Plastic Packaging Used by Restaurants Banned : Berkeley Acts on Ozone Layer Peril

Special to The Times

Fast-food restaurants here will no longer be allowed to use foam plastic packaging made with chlorofluorocarbons because of the threat they pose to the Earth’s ozone layer, the Berkeley City Council decided unanimously early Wednesday.

City officials said they believe Berkeley is the first community in the nation to ban foam plastic food containers manufactured with chlorofluorocarbons although Suffolk County, N.Y., has such legislation pending.

Environmentalists say chlorofluorocarbons, used to give foam plastic its puffiness, are released during the manufacturing process into the atmosphere where it attacks the ozone layer.

Ozone shields the Earth from dangerous levels of ultraviolet rays that cause skin cancer. Every 1% decrease in ozone allows 2% more ultraviolet rays to reach the ground. Many scientists believe there already has been at least a 3% reduction in the ozone layer.


“One action by one city will not cause the ozone layer to be saved,” said Councilwoman Nancy Skinner, “but if other communities do similar things and the EPA (Environmental Protection Administration) makes strong guidelines, then I think this action will have an effect.”

Beverly Kelly, who was a member of the city’s Solid Waste Management Commission that recommended banning the material, said several other cities--including Ann Arbor, Mich., Palo Alto, Santa Monica and New York City--have asked Berkeley for information on the problem and apparently are considering such bans.

The council, in its post-midnight action at the end of a long meeting, also approved the commission’s recommendation that fast-food merchants be asked to voluntarily cut their use of non-biodegradable packaging by half.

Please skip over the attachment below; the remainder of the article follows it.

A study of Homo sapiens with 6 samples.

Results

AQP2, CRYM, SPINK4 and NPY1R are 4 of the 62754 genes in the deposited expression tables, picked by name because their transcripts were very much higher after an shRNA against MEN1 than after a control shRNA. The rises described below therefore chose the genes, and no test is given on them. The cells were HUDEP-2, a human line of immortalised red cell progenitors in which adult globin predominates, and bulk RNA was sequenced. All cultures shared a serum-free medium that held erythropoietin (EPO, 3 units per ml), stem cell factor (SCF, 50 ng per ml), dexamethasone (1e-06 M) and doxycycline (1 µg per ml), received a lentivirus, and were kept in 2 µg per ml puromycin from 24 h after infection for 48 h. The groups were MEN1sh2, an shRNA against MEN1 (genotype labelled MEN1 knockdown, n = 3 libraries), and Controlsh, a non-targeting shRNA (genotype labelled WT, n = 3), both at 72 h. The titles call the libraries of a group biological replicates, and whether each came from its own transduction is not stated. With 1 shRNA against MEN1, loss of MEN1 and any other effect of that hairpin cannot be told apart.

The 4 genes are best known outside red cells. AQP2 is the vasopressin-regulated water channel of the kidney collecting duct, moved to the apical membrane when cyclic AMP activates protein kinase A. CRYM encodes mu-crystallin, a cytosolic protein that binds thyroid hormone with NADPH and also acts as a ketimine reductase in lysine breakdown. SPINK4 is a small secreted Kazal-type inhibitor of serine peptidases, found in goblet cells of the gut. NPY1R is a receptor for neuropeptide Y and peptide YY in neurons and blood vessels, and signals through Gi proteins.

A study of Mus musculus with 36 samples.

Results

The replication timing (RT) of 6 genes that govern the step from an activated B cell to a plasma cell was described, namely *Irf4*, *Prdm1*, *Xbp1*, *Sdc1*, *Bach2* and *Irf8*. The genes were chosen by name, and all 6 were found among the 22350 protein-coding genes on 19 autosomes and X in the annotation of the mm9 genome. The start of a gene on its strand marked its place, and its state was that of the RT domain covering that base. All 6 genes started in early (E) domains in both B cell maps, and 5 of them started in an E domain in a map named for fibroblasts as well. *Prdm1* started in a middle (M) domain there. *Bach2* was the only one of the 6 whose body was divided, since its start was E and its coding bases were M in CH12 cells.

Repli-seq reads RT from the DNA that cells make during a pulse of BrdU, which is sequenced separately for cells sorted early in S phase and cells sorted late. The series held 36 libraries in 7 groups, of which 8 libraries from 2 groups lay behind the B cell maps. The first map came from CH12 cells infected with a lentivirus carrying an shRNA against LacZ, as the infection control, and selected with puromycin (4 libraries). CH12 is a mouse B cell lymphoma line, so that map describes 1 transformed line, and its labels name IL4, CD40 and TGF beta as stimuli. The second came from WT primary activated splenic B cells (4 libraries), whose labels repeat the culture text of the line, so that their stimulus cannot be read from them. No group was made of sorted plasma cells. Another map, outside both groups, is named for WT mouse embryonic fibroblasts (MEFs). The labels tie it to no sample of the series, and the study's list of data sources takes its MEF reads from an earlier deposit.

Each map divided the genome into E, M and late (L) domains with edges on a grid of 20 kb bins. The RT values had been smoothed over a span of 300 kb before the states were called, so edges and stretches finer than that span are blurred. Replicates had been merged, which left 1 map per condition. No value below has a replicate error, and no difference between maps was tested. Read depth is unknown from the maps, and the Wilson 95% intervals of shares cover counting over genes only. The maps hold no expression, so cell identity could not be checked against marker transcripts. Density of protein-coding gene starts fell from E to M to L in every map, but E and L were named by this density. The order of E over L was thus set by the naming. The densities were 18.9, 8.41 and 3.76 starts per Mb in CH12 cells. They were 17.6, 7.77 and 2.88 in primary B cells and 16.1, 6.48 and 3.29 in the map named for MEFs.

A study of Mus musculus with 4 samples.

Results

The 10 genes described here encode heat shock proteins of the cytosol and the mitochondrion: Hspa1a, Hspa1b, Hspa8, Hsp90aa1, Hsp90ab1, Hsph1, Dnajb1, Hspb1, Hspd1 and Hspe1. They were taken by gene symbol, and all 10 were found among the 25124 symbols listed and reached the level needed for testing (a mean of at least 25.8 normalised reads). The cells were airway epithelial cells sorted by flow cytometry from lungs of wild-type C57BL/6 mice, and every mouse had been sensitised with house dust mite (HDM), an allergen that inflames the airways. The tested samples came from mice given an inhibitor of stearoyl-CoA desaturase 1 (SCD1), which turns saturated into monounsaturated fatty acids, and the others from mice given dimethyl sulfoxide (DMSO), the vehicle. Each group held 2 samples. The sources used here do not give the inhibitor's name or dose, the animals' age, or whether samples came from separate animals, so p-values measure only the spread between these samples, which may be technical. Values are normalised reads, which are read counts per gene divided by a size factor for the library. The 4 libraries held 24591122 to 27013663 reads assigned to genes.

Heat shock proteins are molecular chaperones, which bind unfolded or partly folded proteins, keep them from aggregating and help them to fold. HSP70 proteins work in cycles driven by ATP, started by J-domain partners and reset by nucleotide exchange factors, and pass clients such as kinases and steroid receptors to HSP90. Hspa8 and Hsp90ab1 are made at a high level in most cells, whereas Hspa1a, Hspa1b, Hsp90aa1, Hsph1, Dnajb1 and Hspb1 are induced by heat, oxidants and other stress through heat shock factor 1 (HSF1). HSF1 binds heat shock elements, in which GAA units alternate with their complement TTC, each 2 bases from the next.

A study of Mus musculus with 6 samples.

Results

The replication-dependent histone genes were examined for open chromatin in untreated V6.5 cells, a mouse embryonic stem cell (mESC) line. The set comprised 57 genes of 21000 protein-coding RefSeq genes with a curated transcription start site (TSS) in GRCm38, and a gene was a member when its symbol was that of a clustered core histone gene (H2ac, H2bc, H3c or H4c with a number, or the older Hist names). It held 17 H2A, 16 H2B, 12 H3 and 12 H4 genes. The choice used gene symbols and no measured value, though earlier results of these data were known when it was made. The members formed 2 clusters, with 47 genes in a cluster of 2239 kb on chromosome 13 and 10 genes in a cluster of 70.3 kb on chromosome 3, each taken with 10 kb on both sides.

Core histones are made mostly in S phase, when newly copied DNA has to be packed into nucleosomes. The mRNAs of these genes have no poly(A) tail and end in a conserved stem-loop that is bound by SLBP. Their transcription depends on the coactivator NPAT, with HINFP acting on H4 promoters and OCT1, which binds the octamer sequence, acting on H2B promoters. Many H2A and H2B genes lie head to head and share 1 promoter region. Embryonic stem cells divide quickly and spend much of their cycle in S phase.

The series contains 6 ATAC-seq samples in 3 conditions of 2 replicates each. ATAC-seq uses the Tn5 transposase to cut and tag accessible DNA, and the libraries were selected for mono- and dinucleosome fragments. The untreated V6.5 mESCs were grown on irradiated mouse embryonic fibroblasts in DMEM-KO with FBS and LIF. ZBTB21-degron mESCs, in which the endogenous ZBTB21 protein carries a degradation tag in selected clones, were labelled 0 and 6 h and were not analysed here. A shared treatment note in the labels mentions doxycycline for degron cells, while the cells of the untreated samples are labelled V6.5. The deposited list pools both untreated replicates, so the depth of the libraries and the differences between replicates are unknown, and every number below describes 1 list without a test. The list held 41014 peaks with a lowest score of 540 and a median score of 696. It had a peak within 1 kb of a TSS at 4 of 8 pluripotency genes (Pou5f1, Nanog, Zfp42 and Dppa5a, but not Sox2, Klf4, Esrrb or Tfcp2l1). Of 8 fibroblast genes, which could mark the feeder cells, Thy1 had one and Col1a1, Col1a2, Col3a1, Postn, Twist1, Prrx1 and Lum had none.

Both proposals will take effect Feb. 1.


The council sent back to the commission for further consideration, however, a recommendation that all fast-food restaurants, markets and mini-markets be prohibited from using any kind of plastic packaging by 1990. A staff report said it would be too expensive for businesses to comply with such a law.

That move by the council, at least, pleased Society of Plastics Industry official Roger Bernstein, who lobbied the council against any ban. He said the chlorofluorocarbon-produced foam plastic represents only 1% of all chlorofluorocarbon products on the market and he noted that there is a worldwide move to abandon or sharply reduce the use of such products anyway.

“What Berkeley wanted to do was make a statement, and I’m not opposed to that,” Bernstein said.

Some merchants who opposed the foam plastic ban said they were for it in principle, but decried further government regulation of their businesses.

“As an individual, I fully agree with it,” said Frank Kalmar, co-owner of Lox Stock & Bagel, a chain of six delicatessens including one in Berkeley. “CFCs are attacking our ozone layer and we need to do something about it. . . . But anytime the government gets involved, it means more paper work and more administrative time and it makes it real tough for the little guy.”